Woodworking: Christmas: My, how gift giving has changed from humble beginnings
When I first discovered my Great-granddad Dave Wood's diaries, 57 years of them, I loved digging into them to see what was going on back in the 1870s on the Wood homestead.
I especially liked to look up important dates, like elections. All Great Dave ever wrote was that he went to the village and voted. He never tells for whom he voted and who won.
I figured he voted straight Prohibitionist because he ran for the state Assembly on that forlorn ticket. He never wrote down who won because folks out in the boonies never found that out for months. (Sort of like Minnesota in the 21st century!)
And then there was Christmas: In the early years, there was never a mention of a tree or of gifts for his wife and kids or even attending church, which was a big item on the Wood family agenda.
I found out why years later when Ruth and I visited Plymouth Plantation in Massachusetts -- the Pilgrim dissenters who came to America did not celebrate Christmas because it was not mentioned in the Bible.
That explained it all, for my great-grandmother descended from those Pilgrims.
Then Norwegian and Polish immigrants began to arrive and settle in near the Wood homestead, bringing along their customs, their Christmas trees and gifts for the kids.
Apparently that appealed to Dave and his wife because, before you knew it, Dave reported in his diary that he had cut down a tree for Christmas and began buying gifts for all and sundry.
On Dec. 25, 1879, he reported:
"fair and Very cold 38 below this mor. &Ii it is 6 below to night. at home all day. Brought Grandma over & took her home again. Also cut & drew her a little wood from here. Santaclaus brought me a shaving glass & cup. Also a watch case. He also remembered the rest of the family."
Well right on, Dave!
His 12-year-old son Jim began keeping a diary that year and he also put pen to paper:
"It is Christmas today. Ma got a pair of overshoes, some mittens, and a pincushion. Pa got a mug, a looking glass, and a watch pocket. (Brother) Archie got a toy wheelbarrow, a book and some cloth for a shirt. I got a toy wheelbarrow, a nice scarf and a book. Mr. Tull (the town shoemaker) gave (baby brother) Ralph a new pair of shoes."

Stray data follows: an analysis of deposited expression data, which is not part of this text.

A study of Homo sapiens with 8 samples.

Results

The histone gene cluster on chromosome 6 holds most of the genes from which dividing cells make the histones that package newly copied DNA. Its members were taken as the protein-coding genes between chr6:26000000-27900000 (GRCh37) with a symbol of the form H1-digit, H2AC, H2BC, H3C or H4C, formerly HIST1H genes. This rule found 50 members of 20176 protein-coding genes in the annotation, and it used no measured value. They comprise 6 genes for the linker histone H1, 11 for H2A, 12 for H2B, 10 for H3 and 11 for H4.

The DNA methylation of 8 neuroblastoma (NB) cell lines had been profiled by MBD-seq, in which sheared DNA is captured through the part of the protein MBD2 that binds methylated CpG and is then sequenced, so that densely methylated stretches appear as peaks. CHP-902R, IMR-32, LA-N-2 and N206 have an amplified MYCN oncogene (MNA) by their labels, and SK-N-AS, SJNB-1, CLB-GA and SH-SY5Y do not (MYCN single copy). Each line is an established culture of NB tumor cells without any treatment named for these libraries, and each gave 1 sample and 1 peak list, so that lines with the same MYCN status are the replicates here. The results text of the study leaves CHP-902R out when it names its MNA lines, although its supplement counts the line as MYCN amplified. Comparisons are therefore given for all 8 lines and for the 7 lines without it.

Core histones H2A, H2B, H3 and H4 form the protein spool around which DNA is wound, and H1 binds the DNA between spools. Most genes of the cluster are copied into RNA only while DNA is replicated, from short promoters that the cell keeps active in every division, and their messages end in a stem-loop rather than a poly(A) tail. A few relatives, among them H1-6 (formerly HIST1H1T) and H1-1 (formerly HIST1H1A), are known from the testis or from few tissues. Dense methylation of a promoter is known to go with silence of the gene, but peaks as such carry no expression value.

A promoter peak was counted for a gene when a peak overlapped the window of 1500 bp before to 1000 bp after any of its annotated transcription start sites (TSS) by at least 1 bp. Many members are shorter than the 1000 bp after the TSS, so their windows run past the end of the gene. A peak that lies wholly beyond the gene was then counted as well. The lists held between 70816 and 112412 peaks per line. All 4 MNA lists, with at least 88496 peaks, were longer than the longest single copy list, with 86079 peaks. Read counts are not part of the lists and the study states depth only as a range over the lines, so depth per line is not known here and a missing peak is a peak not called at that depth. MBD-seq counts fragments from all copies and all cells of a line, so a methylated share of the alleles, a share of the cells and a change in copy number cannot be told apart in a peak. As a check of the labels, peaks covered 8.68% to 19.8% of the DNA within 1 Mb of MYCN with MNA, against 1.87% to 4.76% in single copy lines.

Reading these little blurbs got me to thinking about how Christmas has evolved out here in the Midwest.
It's all pretty opulent these days. I'm not certain that my wife would appreciate getting galoshes and mittens and, least of all, a pincushion. (Although she really liked the cheap mittens I bought her years ago at Fleet Farm.)
As for me I wouldn't know how to use a shaving mug and don't need a case for my wristwatch.
Over the years I've received wonderful presents from my parents, my grandparents, my wife, far more opulent than Jim and the old Dave Wood gave or received.
I've also received some bummers. Like when my grandmother gave me a bedspread when I was in fourth grade. Or when my parents finally got around to giving me a complete Boy Scout uniform after I decided I wasn't going to stay in scouting.
Or when Beautiful Wife gave me an off-white denim leisure suit, which when I wore it made me look like that great white whale that did in Captain Ahab.
Then there were the great presents I've received over the years: Like the shiny new tricycle that Santa Claus brought me the year I had chickenpox. Santa bounded into our house on Eau Claire's Graham Avenue, with breath that smelled like Uncle Floyd's after he'd drunk two Manhattans.
Or the 6 3/4-inch hickory skis with spring bindings given to me by my father back in the days when he made only $50 per week. Or the pricey shaving lotion Beautiful Wife gives me every Christmas.
Quit that, Ruthie! If Old Spice was good enough for my father, it's good enough for me. Besides, I inherited 45 bottles of it when the old man passed.
LATE BREAKING BULLETIN: I just asked Ruth what she wanted for Christmas.
Her reply: "Would it be OK if I got new eyeglasses?"
Dave would like to hear from you. Phone him at 715-426-9554.